Drones dropping tree seeds, soil over forests ravaged by fire

Photo: U.S. Forest Service-Humboldt-Toiyabe National Forest on Facebook.

Conservationists on the California-Nevada border are experimenting with a new way to try to revive forests devastated by wildfires: by using drones to rain balls of nutrients, soil and pine seeds over the ravaged landscapes.

Teams working on the project told the Reno Gazette Journal that they hope it will prove to be an easier alternative to replanting by hand in order to replenish steep, remote and hard to reach areas that burn.

The Humboldt-Toiyabe National Forest partnered with the groups Flying Forests, the Desert Research Institute and the Sugar Pine Foundation on the project. Using large drones, they dropped balls of Jeffrey pine seeds, nutrients and soil over 25 acres in the area known as Dog Valley, west of Reno. The area burned in the lighting-caused Loyalton Fire in August, which burned 78 square miles and several structures.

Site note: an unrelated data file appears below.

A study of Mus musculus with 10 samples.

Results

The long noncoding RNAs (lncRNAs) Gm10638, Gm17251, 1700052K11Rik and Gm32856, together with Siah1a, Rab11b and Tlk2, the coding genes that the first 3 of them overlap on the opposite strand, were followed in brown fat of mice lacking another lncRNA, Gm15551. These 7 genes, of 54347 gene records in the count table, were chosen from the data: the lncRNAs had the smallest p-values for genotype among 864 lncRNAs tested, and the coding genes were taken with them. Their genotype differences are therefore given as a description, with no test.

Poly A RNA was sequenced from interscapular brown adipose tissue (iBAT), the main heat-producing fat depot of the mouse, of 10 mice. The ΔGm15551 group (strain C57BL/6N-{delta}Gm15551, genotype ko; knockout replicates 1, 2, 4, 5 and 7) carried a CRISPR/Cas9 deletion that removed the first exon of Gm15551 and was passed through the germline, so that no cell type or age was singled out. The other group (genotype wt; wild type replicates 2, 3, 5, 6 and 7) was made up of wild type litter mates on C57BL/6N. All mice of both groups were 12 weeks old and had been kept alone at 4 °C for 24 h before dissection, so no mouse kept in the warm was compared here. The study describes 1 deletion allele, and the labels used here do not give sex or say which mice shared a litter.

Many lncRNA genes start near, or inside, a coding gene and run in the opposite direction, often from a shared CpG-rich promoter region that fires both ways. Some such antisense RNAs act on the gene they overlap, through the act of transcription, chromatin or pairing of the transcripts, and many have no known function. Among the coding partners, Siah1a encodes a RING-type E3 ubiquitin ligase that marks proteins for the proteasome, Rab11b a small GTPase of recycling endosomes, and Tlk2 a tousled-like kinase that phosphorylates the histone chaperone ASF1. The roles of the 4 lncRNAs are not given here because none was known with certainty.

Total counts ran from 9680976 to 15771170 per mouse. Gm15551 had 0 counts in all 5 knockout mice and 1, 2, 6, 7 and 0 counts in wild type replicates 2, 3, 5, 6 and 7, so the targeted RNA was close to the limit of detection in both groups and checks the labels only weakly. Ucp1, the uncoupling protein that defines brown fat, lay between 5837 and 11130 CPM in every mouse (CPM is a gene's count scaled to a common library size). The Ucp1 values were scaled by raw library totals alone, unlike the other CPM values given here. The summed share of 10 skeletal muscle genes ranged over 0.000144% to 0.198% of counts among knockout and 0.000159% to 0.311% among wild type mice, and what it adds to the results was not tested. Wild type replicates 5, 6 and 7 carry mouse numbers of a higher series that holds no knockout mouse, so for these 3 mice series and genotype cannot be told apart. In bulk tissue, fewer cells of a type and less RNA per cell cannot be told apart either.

Researchers chose the area because its accessibility will allow them to watch the seedlings develop and determine if the drone drops are effective and should be used elsewhere.

"We have a lot of bare mineral soil to work with, so we can see how the seed balls are dispensed by the drone, how they land on the ground, and also what the success rate is of those seed balls without competing vegetation growing around them," Carson Ranger District Forester Annabelle Monti said.

The 30-plus pounds of seed used in the drop were collected by the nonprofit organization The Sugar Pine Foundation, which used its social media pages to solicit donated seeds.

The seeds were shaped with nutrient-rich soil into 500 to 700 balls, which were loaded into drones.

If the project proves successful, it may be expanded to other parts of the Eastern Sierra, Monti said.